Trendlines are a key part of delving into technical analysis and trading off of charts. When used correctly, they're a helpful, clear, and relatively simple tool for traders. Used improperly, however, trendlines become ineffective and even counterproductive. Knowing how to use trendlines can be the difference between winning and losing trades.
Keep reading to learn some tips that can help you effectively use trendlines as part of your trading strategy.
The Basics of Trendlines
Trendlines are simply diagonal lines that highlight a trend or price range. These lines follow the price movement in an attempt to give traders a general sense of how high or low the price might go in a given timeframe. When the price rises, the trendline rises accordingly. When the price falls, the trendline falls.
When prices are rising, connecting the lows with a line results in an ascending trendline—an "uptrend." A trendline can also be drawn along the highs of the trend. This shows the angle of ascent, the strength of the price move, and the relative strength of the trend.
When the price falls, the highs fall. Connecting these falling highs results in a descending trendline—a "downtrend." A trendline can also be drawn along the lows to highlight the angle of descent and the strength of the downward price movement.
Using Multiple Trendlines
Typically, you would have more than just one trendline in play. At any given moment you could draw many trendlines, all showing the price movement over various periods of time.
Trendlines at steep angles typically have short lives, since prices cannot sustain a near-vertical rise or fall for long. Shallower trendlines are more stable and easier to maintain.
Drawing trendlines whenever possible and on multiple time frames can aid new traders in spotting the overall trend, small trends, and corrections within those small trends.
During an uptrend, opportunities to buy or go long may occur when a short-term downtrend meets the overall ascending trendline. During a downtrend, selling or shorting opportunities may occur when a short-term uptrend meets the overall descending trendline.
Once drawn, trendlines often need to be adjusted. Prices rarely move uniformly for a prolonged period. This means any acceleration or deceleration of the trend requires adjustments to the trendline.
To figure out whether your trendline needs adjusting, watch for any instances when the price breaks through your lines. If the price moves below your trendline in an uptrend, then you need to adjust your line. The same goes for downtrends when the price moves above the trendline.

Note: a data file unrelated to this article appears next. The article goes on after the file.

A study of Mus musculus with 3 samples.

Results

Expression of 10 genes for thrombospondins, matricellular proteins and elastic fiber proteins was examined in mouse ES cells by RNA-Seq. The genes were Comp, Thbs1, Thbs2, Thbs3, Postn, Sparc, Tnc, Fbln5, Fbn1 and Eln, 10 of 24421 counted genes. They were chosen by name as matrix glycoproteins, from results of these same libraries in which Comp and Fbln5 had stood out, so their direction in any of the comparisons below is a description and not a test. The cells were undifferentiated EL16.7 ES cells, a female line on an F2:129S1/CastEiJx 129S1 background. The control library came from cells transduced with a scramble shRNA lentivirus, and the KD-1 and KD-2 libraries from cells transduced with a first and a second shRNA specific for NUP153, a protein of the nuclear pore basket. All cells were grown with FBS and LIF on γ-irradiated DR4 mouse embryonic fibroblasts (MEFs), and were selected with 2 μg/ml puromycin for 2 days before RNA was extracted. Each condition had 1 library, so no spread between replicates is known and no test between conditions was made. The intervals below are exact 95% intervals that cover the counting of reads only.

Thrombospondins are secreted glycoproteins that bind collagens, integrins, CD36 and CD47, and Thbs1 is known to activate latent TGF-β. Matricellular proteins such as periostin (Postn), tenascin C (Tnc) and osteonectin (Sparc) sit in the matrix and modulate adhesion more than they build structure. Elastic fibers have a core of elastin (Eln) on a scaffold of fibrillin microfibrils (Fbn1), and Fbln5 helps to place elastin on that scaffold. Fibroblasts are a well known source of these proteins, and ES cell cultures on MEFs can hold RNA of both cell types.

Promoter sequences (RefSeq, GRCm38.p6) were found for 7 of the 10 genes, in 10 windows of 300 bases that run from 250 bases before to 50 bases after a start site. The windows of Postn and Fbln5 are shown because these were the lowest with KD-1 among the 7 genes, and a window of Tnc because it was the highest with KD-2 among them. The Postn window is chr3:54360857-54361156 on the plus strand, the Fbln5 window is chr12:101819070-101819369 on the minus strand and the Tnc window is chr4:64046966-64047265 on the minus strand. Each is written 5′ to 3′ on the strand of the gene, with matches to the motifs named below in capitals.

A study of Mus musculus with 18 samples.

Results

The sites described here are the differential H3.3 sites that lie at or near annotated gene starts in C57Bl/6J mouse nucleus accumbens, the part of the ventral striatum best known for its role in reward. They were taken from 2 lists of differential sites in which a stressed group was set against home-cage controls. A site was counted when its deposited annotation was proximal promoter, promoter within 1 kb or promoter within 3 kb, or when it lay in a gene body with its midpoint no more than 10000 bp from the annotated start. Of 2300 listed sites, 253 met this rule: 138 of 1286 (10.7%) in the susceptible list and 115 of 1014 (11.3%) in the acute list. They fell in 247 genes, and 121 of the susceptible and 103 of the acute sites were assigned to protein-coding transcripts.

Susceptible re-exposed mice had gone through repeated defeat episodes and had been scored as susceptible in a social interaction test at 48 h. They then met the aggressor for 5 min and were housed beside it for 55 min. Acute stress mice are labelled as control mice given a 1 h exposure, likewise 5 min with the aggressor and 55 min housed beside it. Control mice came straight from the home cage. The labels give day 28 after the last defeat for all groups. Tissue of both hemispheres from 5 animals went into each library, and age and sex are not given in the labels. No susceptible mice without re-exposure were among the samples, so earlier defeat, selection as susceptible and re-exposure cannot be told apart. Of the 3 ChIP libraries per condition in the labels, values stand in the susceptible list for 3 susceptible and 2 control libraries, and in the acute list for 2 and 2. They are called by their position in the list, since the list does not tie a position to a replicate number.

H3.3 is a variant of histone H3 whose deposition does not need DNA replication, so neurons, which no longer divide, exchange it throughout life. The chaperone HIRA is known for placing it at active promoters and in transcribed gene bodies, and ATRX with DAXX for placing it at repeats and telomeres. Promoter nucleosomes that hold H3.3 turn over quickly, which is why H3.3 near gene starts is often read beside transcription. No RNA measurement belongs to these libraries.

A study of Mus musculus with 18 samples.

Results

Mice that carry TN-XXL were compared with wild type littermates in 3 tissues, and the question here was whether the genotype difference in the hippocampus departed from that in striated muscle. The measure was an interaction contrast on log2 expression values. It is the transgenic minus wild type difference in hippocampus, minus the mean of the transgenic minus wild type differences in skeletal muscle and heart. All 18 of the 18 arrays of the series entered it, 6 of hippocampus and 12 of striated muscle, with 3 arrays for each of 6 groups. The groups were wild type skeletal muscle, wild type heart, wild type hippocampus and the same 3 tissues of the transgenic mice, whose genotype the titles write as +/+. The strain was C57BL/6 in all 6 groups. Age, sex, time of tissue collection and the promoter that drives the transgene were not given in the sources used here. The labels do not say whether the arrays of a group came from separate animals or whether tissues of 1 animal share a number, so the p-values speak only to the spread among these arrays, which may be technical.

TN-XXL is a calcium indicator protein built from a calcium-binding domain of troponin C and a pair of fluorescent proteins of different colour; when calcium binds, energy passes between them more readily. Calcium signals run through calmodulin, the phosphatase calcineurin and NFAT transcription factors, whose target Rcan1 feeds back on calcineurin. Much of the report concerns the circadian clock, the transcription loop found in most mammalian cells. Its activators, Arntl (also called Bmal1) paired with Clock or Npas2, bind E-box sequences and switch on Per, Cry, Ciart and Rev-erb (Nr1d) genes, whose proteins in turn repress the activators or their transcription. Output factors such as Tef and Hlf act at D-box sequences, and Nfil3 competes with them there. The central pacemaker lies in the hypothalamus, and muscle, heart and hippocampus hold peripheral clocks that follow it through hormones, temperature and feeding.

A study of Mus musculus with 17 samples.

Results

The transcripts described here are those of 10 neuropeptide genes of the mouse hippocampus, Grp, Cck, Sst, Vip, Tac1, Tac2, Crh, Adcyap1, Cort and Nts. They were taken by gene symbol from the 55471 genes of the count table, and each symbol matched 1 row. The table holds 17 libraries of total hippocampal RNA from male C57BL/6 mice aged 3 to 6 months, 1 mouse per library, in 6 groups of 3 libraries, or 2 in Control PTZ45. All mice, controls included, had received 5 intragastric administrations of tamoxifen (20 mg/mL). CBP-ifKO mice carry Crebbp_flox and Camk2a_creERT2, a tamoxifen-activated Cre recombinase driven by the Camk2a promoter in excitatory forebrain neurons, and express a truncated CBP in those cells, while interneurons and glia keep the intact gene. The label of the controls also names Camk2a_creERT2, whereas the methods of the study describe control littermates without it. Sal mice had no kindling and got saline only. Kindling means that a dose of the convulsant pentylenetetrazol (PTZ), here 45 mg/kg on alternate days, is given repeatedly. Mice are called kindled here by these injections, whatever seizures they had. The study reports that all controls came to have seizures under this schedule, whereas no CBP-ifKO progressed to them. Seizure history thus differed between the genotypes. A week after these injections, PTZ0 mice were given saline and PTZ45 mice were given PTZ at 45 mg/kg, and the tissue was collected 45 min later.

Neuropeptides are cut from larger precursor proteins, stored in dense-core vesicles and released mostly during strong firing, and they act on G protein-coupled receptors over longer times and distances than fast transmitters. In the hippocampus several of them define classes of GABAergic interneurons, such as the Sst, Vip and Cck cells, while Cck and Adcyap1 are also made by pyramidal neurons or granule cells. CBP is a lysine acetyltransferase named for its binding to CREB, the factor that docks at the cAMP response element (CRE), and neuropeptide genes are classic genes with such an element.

Keep in mind that adjusting a trendline doesn't mean the trend has changed. An uptrend is characterized by higher highs and higher lows, and as long as those keep happening, it's still an uptrend. You may find that you adjust your trendlines several times within a single uptrend.
Trendlines As a Guide
The need for constant adjusting makes a trendline imprecise for use as a trade signal. Consider that a trendline drawn at a slightly different angle can make a big difference in what price that trendline intersects with over time.
While you can use trendlines as a guide, you must use more precise criteria for determining when to enter or exit a trade. These criteria could include a certain size move back in the trending direction, a trigger based on an engulfing pattern (where the next bar is larger than the previous one, engulfing it), or another type of indicator that adjusts more precisely and quickly to changes in volatility.
If you use trendlines as just a guide, then you don't need to worry about drawing trendlines along the exact highs or lows. Draw "trendlines of best fit"—the ones that provide visual clues about potential trade areas.
Since the trendline isn't being used as a specific trade signal, rough trendlines can provide you with relevant information about the trend without forcing you to readjust it constantly.
The Bottom Line
Trendlines are a great tool for showcasing short-term trends within the overall trend. Pay attention to price action, and always consider it when using trendlines. If the price makes lower lows and lower highs, it's still a downtrend—even if the price moves above a descending trendline. If the price makes higher highs and higher lows, the price still has an uptrend even if it moves below the trendline.
A trendline needs to be adjusted often, especially when day trading. Use a "trendline of best fit" to avoid constantly adjusting. It still shows the trend and when the trend may be reversing.
Use trendlines to alert you of potential trade opportunities, and use price action signals to determine exactly how to seize those opportunities.